Attendees at yesterday’s session of the Social Media for Pharma Conference were treated to two case studies that combined social media with celebrities.
The first was the “Kaleidoscope Case Study” (aka, “How To Extend The Value And Reach Of Your Organization’s Campaign To Increase Engagement And Program Results”) presented by Jim Dayton (@JimDayton), Director of Emerging Media at InTouch Solutions.
According to the FaceBook “Kaleidoscope On Ice” fan page: “Kaleidoscope presented by sanofi-aventis” was a holiday entertainment variety special [presented on Thanksgiving Day, 2009] that featured Olympic skating champions and GRAMMY Award-winning music artists [as well as American Idol singers]. The show featured the historic return to the ice of the legendary Scott Hamilton and Dorothy Hamill who will skate to the music of fellow cancer survivor Olivia Newton-John. The event was in support of women who survived cancer.
This event was promoted in part via Twitter, a campaign that Dayton said was very successful based upon key performance measures — followers, tweets, etc. Dayton noted that this success was based in part on the active tweeting of the event done by the celebrities who were not paid to tweet but who benefited form the self-promotion.
It’s a shame that I did not hear about this event either via Twitter or otherwise. Or at least I don’t remember it. Unfortunately for Sanofi, what I do remember is the incident of the woman cancer survivor who laid siege to sanofi-aventis VOICES Facebook Page (read this post: “Patient “Unadvocate” Lays Siege to sanofi-aventis VOICES Facebook Page. Where’s S-A’s Social Media VOICE?” and listen to this podcast: “What Sanofi-Aventis Learned from Its FaceBook Experience & What the Experts Recommend It Do Now“).
The second social media/celebrity case study was “Race with Insulin” presented by Ambre Morley (@ambremorley), Associate Director of Product Communications and Lois Kotkoskie, Director of Promotional Review. Both work for Novo Nordisk. Morley and Kotkoskie made a good tag team, presenting some behind-the-scenes information about how the program was launched with careful regulatory oversight. Their presentation was entitled “How To Use Twitter To Deliver Measurable Results For Your Organization.”
You might recall that Race with Insulin is also a campaign that combines a celebrity (racecare driver Charlie Kimball), social media, and real world events (listen to this podcast: “Novo Nordisk’s Race With Insulin Campaign: It’s Not Just About Twitter“). The twitter account (@racewithinsulin) is famous for being the first branded Twitter account and for posting the first branded tweet, which I labeled “sleazy Twitter spam (see here).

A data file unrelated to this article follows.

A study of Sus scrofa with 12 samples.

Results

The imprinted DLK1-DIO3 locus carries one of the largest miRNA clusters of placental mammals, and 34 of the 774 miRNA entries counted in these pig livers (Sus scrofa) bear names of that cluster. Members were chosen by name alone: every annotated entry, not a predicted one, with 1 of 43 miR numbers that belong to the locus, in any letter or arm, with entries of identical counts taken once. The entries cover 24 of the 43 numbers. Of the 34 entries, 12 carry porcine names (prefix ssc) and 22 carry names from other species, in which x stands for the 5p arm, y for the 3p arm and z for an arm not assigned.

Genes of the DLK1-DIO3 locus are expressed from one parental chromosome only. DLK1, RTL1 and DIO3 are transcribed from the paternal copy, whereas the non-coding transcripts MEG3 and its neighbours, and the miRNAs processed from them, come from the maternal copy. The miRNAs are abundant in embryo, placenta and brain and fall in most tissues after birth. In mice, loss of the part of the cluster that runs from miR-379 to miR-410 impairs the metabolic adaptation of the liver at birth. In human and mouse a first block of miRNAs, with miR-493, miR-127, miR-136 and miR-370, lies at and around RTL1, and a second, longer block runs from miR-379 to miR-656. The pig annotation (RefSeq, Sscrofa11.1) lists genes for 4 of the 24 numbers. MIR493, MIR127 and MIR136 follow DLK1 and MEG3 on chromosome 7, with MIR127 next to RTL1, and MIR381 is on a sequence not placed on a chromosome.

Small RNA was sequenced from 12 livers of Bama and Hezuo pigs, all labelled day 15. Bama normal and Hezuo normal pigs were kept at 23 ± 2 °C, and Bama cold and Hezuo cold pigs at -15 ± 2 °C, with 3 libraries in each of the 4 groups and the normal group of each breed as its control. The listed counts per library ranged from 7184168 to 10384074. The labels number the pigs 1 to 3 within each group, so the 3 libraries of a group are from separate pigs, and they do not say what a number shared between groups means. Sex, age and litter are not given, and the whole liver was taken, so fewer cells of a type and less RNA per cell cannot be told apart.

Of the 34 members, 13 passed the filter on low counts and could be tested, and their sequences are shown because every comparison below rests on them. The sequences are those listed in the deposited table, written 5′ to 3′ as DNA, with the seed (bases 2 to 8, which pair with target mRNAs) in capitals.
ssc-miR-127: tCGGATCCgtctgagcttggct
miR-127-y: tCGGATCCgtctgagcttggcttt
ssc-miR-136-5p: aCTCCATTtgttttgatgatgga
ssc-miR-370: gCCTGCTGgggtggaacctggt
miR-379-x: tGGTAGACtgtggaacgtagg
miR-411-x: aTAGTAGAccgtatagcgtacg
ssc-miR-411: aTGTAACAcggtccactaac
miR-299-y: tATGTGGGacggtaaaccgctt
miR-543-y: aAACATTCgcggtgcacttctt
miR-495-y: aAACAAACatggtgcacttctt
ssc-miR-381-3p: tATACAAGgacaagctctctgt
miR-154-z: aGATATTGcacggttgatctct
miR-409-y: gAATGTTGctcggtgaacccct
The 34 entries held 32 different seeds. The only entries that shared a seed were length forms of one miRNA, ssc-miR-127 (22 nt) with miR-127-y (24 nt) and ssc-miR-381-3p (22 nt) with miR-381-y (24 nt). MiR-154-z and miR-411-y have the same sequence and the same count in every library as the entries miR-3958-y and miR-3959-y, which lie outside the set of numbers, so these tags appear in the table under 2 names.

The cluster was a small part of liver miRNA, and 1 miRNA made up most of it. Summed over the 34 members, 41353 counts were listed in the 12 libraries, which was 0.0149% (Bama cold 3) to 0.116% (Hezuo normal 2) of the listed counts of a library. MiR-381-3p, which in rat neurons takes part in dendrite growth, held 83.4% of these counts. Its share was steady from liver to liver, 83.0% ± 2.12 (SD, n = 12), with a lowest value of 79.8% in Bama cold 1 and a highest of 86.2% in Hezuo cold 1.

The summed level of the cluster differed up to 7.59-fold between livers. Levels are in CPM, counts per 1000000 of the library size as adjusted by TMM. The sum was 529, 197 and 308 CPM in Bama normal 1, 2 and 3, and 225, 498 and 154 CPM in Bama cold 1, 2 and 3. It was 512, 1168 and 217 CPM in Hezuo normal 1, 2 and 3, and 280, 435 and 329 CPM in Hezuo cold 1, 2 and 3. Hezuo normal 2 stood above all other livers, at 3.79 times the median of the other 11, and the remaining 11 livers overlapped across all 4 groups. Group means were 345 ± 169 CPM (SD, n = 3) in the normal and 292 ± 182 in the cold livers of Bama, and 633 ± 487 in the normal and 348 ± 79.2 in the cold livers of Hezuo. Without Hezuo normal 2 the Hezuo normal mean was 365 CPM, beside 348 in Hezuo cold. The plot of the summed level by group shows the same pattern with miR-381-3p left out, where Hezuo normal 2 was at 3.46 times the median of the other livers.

I tried to keep a low profile during both these presentations and did not raise the “fail” sides of these campaigns that I have blogged about in the past. Morley, however, incorporated my comments as part of her presentation to explain how to “Assess Your Promotional Challenges” and to answer the question “Does the reward outweigh the risk?”
During both these presentations, I wondered what was the tactic that actually brought the “rewards?” Was it the social media campaign or was it the celebrities? Could these overall campaigns have been successful without the celebrities? No way! Could they have been successful without the social media component, which most presenters said was just a tactic? Yes, definitely!
The day when real, non-celebrity patients are the celebrities in pharma social media campaigns is the day when pharma breaks away from the mold.
A point I made during Morley’s presentation was that although @racewithinsulin has about 1000 followers, Novo Nordisk knows nothing about these followers other than what Morley gleaned from manually reviewing their Twitter profiles. I suggested that Novo Nordisk do what I do: ask followers to fill out a survey. Pharma marketers do this all the time on their web sites and via BRCs. Why don’t they do it with their Twitter followers? Either they don’t value their Twitter audience enough to learn more about it, or they do not have the resources to do anything with the information.
Inadequate resources was mentioned often at this conference. To move social media beyond merely being a promotional tactic to a strategy to learn more about consumers and patients, pharma has to devote more resouirces to the effort.